NPR segment exposes the differences between American and Canadian journalism. (Graphic by On The Media)

NPR segment exposes the differences between American and Canadian journalism. (Graphic by On The Media)

• During an interview with NPR’s On The Media, Toronto Star publisher John Cruickshank and Gawker deputy editor Tom Scocca discussed the differences between American and Canadian journalism and politics. The whole segment, in which Cruickshank and Scocca talk about their competing coverage of Toronto mayor Rob Ford’s crack use, is worth a listen. But this is a transcript of what I think is arguably the most interesting part of their conversation:

Cruickshank: It really is a different country. We are fighting for free speech. But it’s in a context of a society that does think differently from your typical American social setting. And that reflects the way people think and are. So, yes, I’m always looking for ways of importing American standards of fervour around free speech. But I do it in the context of a Canadian audience. And I realize that I can lose the reputation I have for trustworthiness if I push too far because it’s not a New York audience.

Scocca: And yet you have this guy as your mayor.

Cruickshank: No, exactly.

Scocca: As an armchair observer of Canadian politics and culture over the past few months, it seems to me that there’s probably a connection between right-thinking and good behaviour and the fact this monstrous thug of a bully was able to seize power and ride roughshod over everybody. In the land of the passive-aggressive, the truly aggressive is king.

• “Elections about nothing, parties reduced to leadership cults, the impotence of ordinary MPs, the irrelevance of our parliament, the near dictatorial power of the prime minister – if we were writing about a Third World country with a system like ours we would be careful, we media types, to refer to its largely ceremonial parliament and quote sham elections.” That’s the pith of National Post columnist Andrew Coyne‘s speech on “The Alarming State of Canadian Democracy,” delivered at the University of Calgary earlier this month and now available on YouTube.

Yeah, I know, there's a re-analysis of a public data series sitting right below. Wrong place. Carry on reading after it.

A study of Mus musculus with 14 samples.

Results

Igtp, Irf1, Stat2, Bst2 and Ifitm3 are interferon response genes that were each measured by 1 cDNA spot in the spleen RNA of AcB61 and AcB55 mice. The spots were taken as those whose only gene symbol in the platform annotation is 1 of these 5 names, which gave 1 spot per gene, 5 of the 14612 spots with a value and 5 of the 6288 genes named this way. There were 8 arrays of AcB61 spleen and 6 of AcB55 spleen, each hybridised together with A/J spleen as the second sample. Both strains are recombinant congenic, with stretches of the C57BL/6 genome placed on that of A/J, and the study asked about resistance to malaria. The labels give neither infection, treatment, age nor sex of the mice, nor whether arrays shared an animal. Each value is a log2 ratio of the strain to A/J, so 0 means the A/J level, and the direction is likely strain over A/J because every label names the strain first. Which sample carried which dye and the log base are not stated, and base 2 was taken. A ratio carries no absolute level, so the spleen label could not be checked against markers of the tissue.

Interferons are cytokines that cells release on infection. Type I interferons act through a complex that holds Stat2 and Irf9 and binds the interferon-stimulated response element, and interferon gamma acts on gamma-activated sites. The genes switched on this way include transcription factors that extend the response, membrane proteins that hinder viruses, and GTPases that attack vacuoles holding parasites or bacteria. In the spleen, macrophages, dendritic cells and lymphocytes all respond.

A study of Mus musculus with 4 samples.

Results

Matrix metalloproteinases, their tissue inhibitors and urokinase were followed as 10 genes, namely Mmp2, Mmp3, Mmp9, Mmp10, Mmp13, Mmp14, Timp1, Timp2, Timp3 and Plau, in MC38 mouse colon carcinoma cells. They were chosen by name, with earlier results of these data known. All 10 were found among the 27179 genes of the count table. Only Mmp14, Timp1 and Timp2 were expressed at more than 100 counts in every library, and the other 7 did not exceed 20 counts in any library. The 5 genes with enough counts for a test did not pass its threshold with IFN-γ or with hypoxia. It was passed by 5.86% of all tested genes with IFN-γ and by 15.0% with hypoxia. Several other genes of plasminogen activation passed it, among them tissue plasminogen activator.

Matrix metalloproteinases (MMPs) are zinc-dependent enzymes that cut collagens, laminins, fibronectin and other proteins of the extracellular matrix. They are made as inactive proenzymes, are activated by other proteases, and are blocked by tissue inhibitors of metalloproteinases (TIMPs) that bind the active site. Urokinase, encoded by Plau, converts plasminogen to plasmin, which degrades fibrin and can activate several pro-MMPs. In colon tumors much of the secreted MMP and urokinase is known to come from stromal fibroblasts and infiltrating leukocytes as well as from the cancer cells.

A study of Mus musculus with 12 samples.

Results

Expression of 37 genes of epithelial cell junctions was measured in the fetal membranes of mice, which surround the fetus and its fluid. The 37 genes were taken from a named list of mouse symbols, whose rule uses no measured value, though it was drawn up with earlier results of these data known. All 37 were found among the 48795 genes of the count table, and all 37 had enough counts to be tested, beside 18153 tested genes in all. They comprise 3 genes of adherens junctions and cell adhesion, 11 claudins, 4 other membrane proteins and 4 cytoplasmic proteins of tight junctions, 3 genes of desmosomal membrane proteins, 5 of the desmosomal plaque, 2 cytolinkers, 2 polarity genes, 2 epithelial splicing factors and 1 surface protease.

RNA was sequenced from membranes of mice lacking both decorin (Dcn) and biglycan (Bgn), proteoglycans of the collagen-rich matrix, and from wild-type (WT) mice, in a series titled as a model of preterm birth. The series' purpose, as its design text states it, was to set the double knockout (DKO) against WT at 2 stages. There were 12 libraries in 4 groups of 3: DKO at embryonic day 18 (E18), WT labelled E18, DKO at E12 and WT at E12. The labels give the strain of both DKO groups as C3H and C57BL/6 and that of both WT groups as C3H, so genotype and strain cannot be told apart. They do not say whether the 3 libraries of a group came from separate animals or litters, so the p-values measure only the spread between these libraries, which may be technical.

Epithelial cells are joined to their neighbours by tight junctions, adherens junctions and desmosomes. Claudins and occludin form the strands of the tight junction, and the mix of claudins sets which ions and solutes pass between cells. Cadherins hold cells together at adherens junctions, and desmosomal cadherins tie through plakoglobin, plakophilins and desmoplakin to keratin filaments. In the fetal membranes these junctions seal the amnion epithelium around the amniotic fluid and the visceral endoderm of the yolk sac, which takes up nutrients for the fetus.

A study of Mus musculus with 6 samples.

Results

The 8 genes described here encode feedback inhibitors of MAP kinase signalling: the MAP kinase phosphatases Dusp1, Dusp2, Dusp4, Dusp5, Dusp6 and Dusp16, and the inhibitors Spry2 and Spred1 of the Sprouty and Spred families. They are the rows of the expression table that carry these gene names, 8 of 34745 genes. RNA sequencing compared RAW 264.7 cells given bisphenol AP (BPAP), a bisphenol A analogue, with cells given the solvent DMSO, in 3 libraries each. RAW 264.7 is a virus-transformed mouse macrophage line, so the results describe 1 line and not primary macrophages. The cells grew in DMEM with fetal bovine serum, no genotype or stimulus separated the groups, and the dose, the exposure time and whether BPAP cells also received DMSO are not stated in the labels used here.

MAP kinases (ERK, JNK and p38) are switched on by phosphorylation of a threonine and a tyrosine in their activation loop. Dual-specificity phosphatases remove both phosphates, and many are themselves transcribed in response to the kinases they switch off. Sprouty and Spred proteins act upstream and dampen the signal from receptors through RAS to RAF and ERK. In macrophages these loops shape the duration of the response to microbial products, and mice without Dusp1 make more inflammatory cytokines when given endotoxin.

• Alberta journalist Bob Edwards — who founded the legendary newspaper the Eye Opener in 1902 — has been described as “a social crusader, a champion of ‘the little guy,’ who worked tirelessly to expose graft and corruption.” So it’s surprising that, last week, an award named after him was given to controversial former newspaper baron Conrad Black. The vice-president of the Calgary Library Foundation – which hosts the Bob Edwards Award Gala – told the Calgary Herald that Black had a “viewpoint that our audience would want to hear.” Tickets to the black-tie event were $375. The award is meant to honour a “provocative Canadian who challenges convention.”

• “Before she was a candidate, she was a citizen who had freedom of speech, now she’s a PQ candidate and she must endorse the policies that were taken by the PQ government.” According to CJAD 800 AM, Quebec minister Bernard Drainville made that statement after shooting down comments by party candidate Tania Longpré that Montreal’s Jewish General Hospital should remove the word “Jewish” from its name and stop performing circumcisions.

• The British Columbia government, in response to a freedom of information request, released a 13-page report on what the risks would be if it routinely disclosed the calendars of ministers and deputy ministers. But the public won’t be finding out what those risks are anytime soon. That information was stripped from the report because it’s considered a cabinet confidence.